Money Saving Tips for new Parents

So, you’re a new parent. You’re probably discovering each day, just how expensive raising a child is going to be, especially a newborn! The costs of diapers, formula (if you choose not to breastfeed!), clothing, doctor’s visits, a carseat or two, cribs, etc… can seem absolutely astounding and overwhelming. I am not here to promote any particular parenting method over any other, but there are ways to combat the high costs of raising a baby!

First things first… preparing for baby. Preparing for baby is probably the most expensive “one-time” expense for new parents. Stocking up on diapers, wipes, formula (if you choose not to breastfeed!), purchasing an infant carseat, a crib or bassinet, a stroller, clothing, etc. These items can run from just a few hundred dollars, into thousands of dollars, depending on your budget and whether or not you spend wisely.

Cloth diapers are a bigger investment INITIALLY, but in the long run, are more economical. They are reusable, more environmentally safe, and can be used for cleaning rags when baby is done with them. But, if it’s not feasible to use cloth diapers, try store brand or generic disposables. I know some babies have reactions to certain brands, but it’s well worth it to shop around. I used store brand diapers for all of my children with no problems, and probably saved myself around $50.00 – $75.00 a month on diapers this way. If you must use name-brand diapers, try to get on their coupon mailing lists, this can help tremendously!

Wipes can be bought cheaply, check store brands or use coupons for name brands. There are also websites out there where you can find recipes to make home-made wipes, whether reusable or disposable. It’s worth checking into.

Formula is a HUGE expense. Breastfeeding is usually better for Mom and Baby, and it’s free. But if you can’t breastfeed or don’t wish to, look into the WIC program in your state, often they will provide most of a month’s worth of formula for your baby at no cost to you, depending on your income. If you don’t qualify for WIC, try to get on your formula brand’s coupon mailing lists. A lot of formula companies send out coupons with HUGE savings! Or, you can try various store brands and see if your baby can tolerate them. Often, store brands are equal, sometimes even superior to, name brands. Shop around!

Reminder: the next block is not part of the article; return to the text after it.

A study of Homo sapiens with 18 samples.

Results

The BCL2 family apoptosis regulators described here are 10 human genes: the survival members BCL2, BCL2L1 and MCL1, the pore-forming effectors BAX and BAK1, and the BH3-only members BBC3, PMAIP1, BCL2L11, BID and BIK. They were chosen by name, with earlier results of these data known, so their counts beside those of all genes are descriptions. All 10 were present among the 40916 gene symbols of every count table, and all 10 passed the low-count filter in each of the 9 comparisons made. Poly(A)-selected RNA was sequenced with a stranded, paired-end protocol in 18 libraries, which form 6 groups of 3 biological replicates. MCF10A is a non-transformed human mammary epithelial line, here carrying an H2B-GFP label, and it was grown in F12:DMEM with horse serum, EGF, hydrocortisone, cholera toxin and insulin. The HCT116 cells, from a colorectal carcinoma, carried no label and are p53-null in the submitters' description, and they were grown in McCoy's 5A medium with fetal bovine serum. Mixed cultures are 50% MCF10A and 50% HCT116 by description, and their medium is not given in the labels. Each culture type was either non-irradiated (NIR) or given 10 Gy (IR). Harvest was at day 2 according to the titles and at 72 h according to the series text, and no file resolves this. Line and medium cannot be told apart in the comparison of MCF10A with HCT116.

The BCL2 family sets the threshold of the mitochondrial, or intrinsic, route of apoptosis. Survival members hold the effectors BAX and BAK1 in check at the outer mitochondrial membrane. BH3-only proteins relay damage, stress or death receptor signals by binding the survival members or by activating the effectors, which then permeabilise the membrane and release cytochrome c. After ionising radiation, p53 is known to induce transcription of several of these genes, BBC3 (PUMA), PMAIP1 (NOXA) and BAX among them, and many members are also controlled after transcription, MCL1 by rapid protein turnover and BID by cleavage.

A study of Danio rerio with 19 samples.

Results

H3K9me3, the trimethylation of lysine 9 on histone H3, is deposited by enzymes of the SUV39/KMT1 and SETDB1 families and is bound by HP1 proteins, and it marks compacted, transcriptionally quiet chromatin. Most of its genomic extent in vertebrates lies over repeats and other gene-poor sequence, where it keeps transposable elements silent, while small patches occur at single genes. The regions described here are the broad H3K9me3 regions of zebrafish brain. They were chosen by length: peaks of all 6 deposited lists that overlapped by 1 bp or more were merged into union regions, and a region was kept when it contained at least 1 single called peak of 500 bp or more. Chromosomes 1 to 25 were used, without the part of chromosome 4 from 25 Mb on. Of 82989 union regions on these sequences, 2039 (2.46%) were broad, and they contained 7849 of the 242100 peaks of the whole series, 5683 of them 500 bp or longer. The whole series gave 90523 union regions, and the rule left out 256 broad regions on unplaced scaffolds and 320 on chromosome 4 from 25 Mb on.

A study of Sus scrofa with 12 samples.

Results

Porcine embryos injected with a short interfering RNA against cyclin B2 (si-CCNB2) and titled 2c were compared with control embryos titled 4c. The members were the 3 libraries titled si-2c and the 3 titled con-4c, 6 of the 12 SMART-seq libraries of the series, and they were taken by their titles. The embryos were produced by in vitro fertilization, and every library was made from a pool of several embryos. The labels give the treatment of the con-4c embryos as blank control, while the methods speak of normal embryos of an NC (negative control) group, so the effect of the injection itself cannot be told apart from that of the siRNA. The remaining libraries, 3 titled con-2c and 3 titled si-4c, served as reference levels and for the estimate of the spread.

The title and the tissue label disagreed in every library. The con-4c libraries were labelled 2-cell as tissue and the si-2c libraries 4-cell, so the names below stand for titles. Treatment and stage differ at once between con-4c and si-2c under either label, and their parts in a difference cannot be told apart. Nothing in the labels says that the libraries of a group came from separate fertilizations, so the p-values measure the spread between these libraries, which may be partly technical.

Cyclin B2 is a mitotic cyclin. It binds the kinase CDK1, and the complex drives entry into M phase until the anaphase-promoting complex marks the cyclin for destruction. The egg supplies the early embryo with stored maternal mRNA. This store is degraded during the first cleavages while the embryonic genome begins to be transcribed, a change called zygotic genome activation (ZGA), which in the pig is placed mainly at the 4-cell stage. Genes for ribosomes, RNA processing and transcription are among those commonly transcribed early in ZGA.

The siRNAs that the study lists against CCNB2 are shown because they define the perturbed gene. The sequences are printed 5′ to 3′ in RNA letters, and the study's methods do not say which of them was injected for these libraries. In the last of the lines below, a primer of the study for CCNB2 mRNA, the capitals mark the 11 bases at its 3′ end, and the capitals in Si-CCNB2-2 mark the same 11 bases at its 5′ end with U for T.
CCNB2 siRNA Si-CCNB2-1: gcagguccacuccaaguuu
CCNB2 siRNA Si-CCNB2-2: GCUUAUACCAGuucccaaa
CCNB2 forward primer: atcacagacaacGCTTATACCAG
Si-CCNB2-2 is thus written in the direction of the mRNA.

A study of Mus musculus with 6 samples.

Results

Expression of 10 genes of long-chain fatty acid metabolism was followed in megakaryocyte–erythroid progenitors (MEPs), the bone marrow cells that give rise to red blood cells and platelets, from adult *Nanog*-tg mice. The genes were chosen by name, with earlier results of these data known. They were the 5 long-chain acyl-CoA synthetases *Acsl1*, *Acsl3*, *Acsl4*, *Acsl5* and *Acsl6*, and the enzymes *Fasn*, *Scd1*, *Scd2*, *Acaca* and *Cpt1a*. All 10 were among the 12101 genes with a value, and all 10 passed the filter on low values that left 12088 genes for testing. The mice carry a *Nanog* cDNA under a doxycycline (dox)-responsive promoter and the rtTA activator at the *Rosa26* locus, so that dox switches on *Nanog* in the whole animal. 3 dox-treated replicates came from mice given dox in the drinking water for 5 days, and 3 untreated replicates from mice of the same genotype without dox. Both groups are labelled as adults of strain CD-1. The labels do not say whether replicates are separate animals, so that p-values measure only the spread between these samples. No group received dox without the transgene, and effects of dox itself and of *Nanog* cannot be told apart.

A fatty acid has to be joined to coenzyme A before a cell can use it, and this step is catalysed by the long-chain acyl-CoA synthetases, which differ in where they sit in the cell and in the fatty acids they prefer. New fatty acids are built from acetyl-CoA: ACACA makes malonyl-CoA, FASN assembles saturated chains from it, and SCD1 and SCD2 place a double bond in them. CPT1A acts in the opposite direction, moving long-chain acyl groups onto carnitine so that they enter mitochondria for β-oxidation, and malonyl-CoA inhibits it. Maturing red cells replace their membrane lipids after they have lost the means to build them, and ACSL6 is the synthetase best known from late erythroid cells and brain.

Clothing is another expense that can be outrageous. Your little one doesn’t NEED name-brand clothing, and it doesn’t all have to be brand new either. Often children outgrow clothing so fast, that it’s pointless to buy them brand new or name brand clothing. Shop thrift shops, yard sales, Ebay and even check your local classified ads for infant clothing in good shape at a fraction of the price of brand new clothing. A lot of times you can even find name brand kids clothes in thrift shops or at yardsales, for pennies on the dollar of what they originally cost.

Infant carseats don’t have to be expensive, if you shop around. But you can usually get a good infant carrier/carseat for about $30. Sometimes there are programs out there that can help you get a free infant carseat if you’re low income or going through a difficult time. Your baby CAN NOT leave the hospital unless he or she is in a carseat!
Thrift shops, consignment shops, and yard sales are also a good place to find carrier/carseats. I bought my last one at a yard sale brand-new for $10.00, when checking the model number online, discovered that the carseat was a $65.00 model, and was less than six months old! Also, if you have a friend or family member who has a small child, ask if THEY might have a carrier carseat you can have, borrow or buy from them. Just check model numbers to make sure the carseat isn’t more than 2 or 3 years old, and that it hasn’t been re-called.

The last major expense is a bed for your new bundle of joy. Some parents opt out of even the cost of an infant bed, by “co-sleeping”… this has many benefits and risks, and I don’t suggest doing it simply to save money. You can hunt around thrift shops, yard sales, consignment shopts, etc.. for a baby crib, bassinett, or even a playpen. Sometimes a family member or friend will have one that they are willing to let you borrow or have. Just ask around!

Raising a newborn, or any children at all, doesn’t have to be nearly as expensive as a lot of people make it out to be! Keep your eyes out for good deals, be open to the experience of thrift-shopping or consignment shops, and decide what are absolutely essentials and what aren’t. Parenting on a budget isn’t easy, but it CAN be done, with little or no pain!